The Broderers Go East!

Our ancestors travelled west to find gold – in early March, the Broderer’s went east to discover a different sort of gold!! In the 1970’s the Mayfield Convent was closing and presented twelve very striking embroidered panels to the Royal School of Needlework on the understanding they would conserve and look after them. Each panel illustrated a different invocation of the Litany of Loreto – a Marian litany originally approved in 1587 by Pope Sixtus V and named after Loreto – the first place the litany was known to have been used.

When the panels were donated to the RSN, no-one knew who had designed the panels and even less about who stitched them. The RSN set to work and have since identified that an Italian, Ezio Anichini designed the panels. Anichini, born in 1886 went to art school in Florence in 1902 (at the age of 16!) and by 1905 was getting commissions. Between 1915 and 1920 he drew a sacred series of images, some of which are replicated in the embroidered Litany panels.

Information about who stitched the panels is still vague – possibly the nuns of the convent – but despite the pre-Raphaelite look of the panels, they are clearly a product of the 20th century. All twelve panels have only been on public display together once before but as part of the RSN’s 150th birthday celebrations they were on display at Ely Cathedral – a treat not to be missed and a key reason for the Broderer’s visit east. Our group was fortunate to include Broderer Liz Elvin, who wrote the text for the RSN catalogue of ecclesiastical embroidery.

Broderer Liz Elvin with examples of the threads used in the panels as well as modern versions.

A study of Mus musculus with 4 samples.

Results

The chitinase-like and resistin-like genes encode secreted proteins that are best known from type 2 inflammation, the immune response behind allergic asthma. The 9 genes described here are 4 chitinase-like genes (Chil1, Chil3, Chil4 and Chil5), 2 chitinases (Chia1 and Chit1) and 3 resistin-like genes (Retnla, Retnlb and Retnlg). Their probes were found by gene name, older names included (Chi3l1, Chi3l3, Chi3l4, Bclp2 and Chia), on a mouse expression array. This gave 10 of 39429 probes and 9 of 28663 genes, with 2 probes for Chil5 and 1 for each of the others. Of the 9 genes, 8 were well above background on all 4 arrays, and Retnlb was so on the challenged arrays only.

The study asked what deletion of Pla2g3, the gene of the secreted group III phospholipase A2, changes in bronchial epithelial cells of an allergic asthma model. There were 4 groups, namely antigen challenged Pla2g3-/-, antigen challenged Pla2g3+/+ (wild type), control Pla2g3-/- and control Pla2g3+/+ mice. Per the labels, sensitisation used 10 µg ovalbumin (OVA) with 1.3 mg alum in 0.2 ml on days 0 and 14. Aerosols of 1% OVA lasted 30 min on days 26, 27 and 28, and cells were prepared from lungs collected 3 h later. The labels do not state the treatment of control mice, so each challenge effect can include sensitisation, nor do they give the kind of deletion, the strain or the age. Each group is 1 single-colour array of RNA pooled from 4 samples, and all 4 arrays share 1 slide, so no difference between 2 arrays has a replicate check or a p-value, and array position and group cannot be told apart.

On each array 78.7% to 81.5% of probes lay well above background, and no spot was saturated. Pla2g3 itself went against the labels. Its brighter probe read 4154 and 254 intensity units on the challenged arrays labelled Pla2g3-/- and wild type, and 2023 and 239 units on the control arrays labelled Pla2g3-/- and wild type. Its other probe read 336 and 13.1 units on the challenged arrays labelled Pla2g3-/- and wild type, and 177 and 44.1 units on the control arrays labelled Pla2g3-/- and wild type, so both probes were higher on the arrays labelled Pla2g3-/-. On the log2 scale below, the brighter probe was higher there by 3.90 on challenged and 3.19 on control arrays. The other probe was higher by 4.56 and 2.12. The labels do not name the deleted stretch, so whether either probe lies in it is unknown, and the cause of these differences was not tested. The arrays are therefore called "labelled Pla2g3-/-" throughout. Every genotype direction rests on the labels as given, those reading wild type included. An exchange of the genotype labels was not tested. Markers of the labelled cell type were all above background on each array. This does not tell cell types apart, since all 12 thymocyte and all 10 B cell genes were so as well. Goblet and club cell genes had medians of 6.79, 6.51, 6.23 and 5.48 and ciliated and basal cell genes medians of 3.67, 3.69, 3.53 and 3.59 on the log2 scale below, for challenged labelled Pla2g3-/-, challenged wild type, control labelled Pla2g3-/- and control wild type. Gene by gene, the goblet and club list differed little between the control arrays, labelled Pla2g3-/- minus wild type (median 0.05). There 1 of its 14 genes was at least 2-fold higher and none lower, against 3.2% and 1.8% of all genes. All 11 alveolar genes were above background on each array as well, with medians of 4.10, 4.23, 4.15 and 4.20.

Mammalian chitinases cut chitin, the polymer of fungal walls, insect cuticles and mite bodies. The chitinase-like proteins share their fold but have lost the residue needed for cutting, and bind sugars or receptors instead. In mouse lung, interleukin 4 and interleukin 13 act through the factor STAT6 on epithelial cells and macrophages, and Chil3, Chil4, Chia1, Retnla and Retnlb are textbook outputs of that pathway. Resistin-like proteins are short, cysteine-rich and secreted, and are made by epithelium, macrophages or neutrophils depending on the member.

Liz also explained a little about the history of the panels and their life since being donated to the RSN

The volunteer embroiderers at Ely Cathedral who look after the vestments joined the Broderers as Liz explained the story of the panels and the skill involved in the stitching.
The Ely volunteers were generous and shared examples of their recent work, including a number of stoles stitched during Lockdown and a beautiful altar frontal that has required some serious restoration and conservation to avoid further damage.

Detail from the Ely altar frontal. Conservation netting was applied over the whole frontal to catch any pearls and avoid further damage from shoes.

Our second day saw the Broderer’s visit the National Trust Conservation Studio., near Blicking, Norfolk. Not normally open to the public, the Studio is the first port of call for any NT textile that needs restoration or conservation.

Tapestries are a frequent workload of the Studio and the first step for any tapestry sent for attention is to be cleaned. Photographs of a tapestry before and after cleaning highlighted the impact of log fires, candles and many greasy hands over the years and that’s before the irrecoverable impact of light damage on threads!

Detail of a tapestry reverse with almost no light damage and the same area from the front.

Studio staff showed examples of a Chinese silk bedspread restoration, a completed tapestry and a number of stage costumes worn by Ellen Terry.

Detail of the reverse of a completed tapestry conservation project. A new linen backing adds strength to the fragile textile and the modern conservation stitching from 2022 can be clearly seen by all future conservers.

Detail from an Ellen Terry stage costume. The Victorian/Edwardian equivalent of sequins – beetle wings can be clearly see.

As ever there was fellowship and conviviality amongst the group, helped along with splendid food and wines.